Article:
In a new study, researchers found that people who own pets are less likely to suffer from depression than their counterparts who don't own pets. For the study, researchers analyzed data from nearly 1,800 adults living in the United States, paying close attention to health markers like blood pressure and cholesterol levels, as well as pet ownership rates. Researchers concluded that participants who owned a dog had better health than participants who didn't own a pet.

"In general, people who owned any pet were more likely to report more physical activity, better diet and blood sugar at ideal level,"said the study's author and researcher Andrea Maugeri. "The greatest benefits from having a pet were for those who owned a dog, independent of their age, sex and education level."

Researchers also found a correlation between dog ownership and mental health. Participants who owned a dog didn't just have better physical health than their non-dog-owning counterparts; they had better mental health as well. Statistics show roughly 7% of the U.S. adult population suffers from major depressive disorder. It's such a widespread condition, in fact, that it consistently ranks as one of the most common health disorders in the country.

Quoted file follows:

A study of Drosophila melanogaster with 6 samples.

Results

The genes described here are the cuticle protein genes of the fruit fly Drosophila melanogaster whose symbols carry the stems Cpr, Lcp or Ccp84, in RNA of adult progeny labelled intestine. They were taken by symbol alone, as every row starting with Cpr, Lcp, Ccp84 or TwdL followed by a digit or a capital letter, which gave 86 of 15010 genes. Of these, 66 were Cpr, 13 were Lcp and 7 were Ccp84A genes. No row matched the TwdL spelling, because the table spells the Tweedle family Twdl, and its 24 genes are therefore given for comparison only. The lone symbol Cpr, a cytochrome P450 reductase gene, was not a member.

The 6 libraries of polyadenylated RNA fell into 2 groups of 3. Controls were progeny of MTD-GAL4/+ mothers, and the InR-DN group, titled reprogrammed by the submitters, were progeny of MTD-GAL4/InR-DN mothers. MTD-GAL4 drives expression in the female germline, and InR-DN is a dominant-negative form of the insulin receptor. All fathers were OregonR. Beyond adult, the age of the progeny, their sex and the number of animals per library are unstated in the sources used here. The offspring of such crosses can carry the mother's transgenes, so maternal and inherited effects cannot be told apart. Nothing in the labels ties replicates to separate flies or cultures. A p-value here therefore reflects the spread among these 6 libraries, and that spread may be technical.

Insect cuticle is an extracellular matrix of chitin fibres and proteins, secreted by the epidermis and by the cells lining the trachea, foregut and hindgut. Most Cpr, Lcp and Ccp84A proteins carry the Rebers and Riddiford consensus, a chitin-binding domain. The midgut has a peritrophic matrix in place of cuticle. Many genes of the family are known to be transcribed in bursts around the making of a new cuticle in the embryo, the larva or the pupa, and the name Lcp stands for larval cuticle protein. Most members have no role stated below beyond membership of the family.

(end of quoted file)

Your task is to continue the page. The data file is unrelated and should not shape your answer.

An effective way to curb depression, and therefore improve mental health, is to own a dog. According to this recent study, owning a dog improves a person's sense of well-being while subsequently lowering his or her risk of depression.

How exactly does owning a dog prevent depression? The answer to that question remains open to debate, though some researchers theorize it's because of owners close personal relationships to their dogs. Most dog owners don't view their dog as a pet. Rather, they view their dog as a member of their own family. Because of this close personal relationship, owning a dog could prevent or even treat depression.

This study was published in the Mayo Clinic Proceedings.